The 10th prosecution witness of the Economic and Financial Crimes Commission’s Mr. David Ikpe, told the Federal High Court in Abuja on Thursday that the Office of the National Security Adviser in May 2014 paid a cousin to former President Goodluck Jonathan, Mr Robert Azibaola, the sum of $40m from the $1.2bn approved by the ex-President.
The anti-graft agency alleged that the former president authorised the Nigerian National Petroleum Corporation to release the sum of $1.2bn to the ONSA for “urgent national security project.”
Azibaola, his wife, Stella, and their firm, One Plus Holdings Nigeria Limited, are being prosecuted by the EFCC on seven counts of money laundering before the court.
The EFCC alleged in the seven counts that the three defendants unlawfully received $40m from the then NSA, Sambo Dasuki, allegations which they denied.
Under cross-examination by the lead defence lawyer, Chief Chris Uche (SAN), on Thursday, Ikpe explained that in March 2014, Dasuki through a memo entitled, ‘Intervention on urgent national security project,’ sought Jonathan’s approval for the release of $1bn to handle a number of sub-heads, including unmanned area or pipeline monitoring installations.
He said, again in April 2014, Dasuki sent another memo to the then President requesting an approval for $250m.
The witness said the then President approved Dasuki’s requests and by May 2014, the sum of $1.2bn which was by $50m less than the ex-NSA’s actual request was paid to ONSA account.
When asked by Uche (defence lawyer), the witness said the former President’s cousin had explained during investigation and in his statement made to the EFCC that ONSA paid the sum of $40m to the account of One Plus Holdings Nigeria Limited, owned by him “for a security assignment in the Niger Delta.”
Giving a background to the payment, Ikpe said, “In March 2014, the then NSA, Sambo Dasuki, wrote a memo to the President titled, ‘Intervention on urgent national security project’ in which he sought the approval of Mr. President for $1bn to handle a number of sub-heads including unmanned area or pipeline monitoring installations.
“The NSA made an additional request for $250m in April 2014.
“The President gave approval to his request.
“The President approved the release of $1.2bn to the NSA for the purpose it was sought.
“In May 2014, the sum of $1.2bn was then released from the NNPC account under the title ‘intervention on urgent national security project.’”
He admitted that Azibaola was not the only one paid from the $1.2bn released by the NNPC.
He said, “It was this fund that was disbursed to the various recipients.
“I confirmed that the $40m was part of the $1.2bn released by the President for urgent national security intervention project.”
When asked if he saw the President’s letter authorising the release of the $1.2bn, Ikpe said, “I personally did not see the letter by Mr. President.”
He was also asked if any official of the EFCC saw Jonathan’s letter, but he said, “I would not know if any officer saw it.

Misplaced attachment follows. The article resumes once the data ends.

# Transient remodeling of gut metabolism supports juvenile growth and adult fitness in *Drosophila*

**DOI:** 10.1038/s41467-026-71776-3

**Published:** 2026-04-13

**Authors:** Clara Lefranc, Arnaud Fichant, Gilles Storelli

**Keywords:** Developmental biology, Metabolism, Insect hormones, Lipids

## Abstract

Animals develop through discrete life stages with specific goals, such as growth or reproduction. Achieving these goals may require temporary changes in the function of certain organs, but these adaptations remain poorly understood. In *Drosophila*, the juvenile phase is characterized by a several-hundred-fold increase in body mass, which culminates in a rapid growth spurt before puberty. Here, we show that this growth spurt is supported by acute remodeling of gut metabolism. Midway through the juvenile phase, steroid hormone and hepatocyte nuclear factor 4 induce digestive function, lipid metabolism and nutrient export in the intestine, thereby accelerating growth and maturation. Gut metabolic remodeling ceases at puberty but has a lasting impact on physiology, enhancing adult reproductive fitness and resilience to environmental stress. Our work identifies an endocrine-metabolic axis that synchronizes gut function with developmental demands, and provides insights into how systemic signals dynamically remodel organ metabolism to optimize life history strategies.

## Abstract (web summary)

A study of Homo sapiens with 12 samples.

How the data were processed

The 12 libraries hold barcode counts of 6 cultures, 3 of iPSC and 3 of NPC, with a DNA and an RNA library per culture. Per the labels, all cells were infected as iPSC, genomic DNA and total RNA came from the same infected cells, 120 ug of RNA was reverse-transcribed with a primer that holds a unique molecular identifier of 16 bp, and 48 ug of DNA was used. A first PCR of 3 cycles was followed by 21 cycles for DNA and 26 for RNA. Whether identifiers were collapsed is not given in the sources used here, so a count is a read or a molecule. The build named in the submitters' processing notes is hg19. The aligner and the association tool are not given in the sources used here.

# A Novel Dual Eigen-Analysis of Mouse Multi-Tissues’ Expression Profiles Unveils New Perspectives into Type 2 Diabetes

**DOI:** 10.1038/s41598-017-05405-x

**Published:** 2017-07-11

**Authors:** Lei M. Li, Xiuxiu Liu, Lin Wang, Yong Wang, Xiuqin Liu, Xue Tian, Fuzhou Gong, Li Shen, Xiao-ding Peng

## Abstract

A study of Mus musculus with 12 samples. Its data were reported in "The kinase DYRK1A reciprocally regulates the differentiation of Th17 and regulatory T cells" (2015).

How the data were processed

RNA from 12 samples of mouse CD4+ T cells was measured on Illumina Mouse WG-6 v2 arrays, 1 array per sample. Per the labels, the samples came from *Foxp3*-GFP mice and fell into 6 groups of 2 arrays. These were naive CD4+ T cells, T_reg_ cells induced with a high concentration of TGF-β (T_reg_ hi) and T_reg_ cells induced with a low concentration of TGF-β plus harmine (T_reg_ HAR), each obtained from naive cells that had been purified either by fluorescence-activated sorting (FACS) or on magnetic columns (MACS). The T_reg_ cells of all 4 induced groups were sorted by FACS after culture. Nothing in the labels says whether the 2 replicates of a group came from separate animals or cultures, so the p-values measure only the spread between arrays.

“But I saw the linked chat in which the letter was alluded to.”
Asked if he was aware that such national security issues were usually classified that such funds meant for them were not channelled through the normal public procurement mechanism, the witness said, “I am not an expert in public procurement.
“The Public Procurement Act 2007 will make an exemption for procurement that will impede on national security.”
When also asked if he knew that the funds allegedly being paid for the release of Chibok girls from Boko Haram’s custody would also not be passed through the usual public procurement mechanism, he said, “In all honesty, I am an investigator in relation to economic and financial crimes and not on violent extremism such as Boko Haram.”
He was also asked a similar question in respect of Niger Delta militancy but he said: “I do not have the hands-on experience on Niger Delta militancy.”
He was asked if he interviewed any Niger Delta militant or any official of government agencies involved in tackling oil bunkering and pipeline vandalism, as per the security projects approved by the then president, he said “no.”
The defence lawyer showed him exhibits of Dasuki’s authorization of the sum of $40m to Azibaola.
When asked if he interviewed Dasuki, being the man at the centre of everything or obtained his statement in the course of the investigation Ikpe said he did not.
He also said the EFCC did not set out to investigate the $40m transaction.
He said the transaction was discovered on the investigation of other allegations contained in the petition sent to the EFCC by the new leadership of the ONSA in 2015.
Meanwhile, the witness admitted on Tuesday that he and his team members obtained during a search of Azibaola’s office, documents detailing how the defendants spent the money released to them by the NSA office.
He said it must be the documents of the original case at the EFCC office when the defence lawyer him asked to produce them during the Thursday’s proceedings.
Following an application by Uche, the defence lawyer, the trial judge, Justice Nnamdi Dimgba, directed the prosecuting counsel, Mr. Sylvanus Tahir, to produce the documents at the next court sitting.
The judge said the documents were “vital” to the defence of the accused persons.
He said the court would be at liberty “to draw conclusions” if the EFCC failed to produce the documents.
Also, following an application by a lawyer in the defence team, Ledun Mitee, Justice Dimgba lifted the freezing order placed on One Plus Holdings Nigeria Limited’s account with the Zenith Bank Plc.
Justice Dimgba noted that EFCC’s excuse for not filing an objection to the application by Mitee, was not satisfactory and left the claim by the defendants that the account was a subject of the ongoing trial, unchallenged.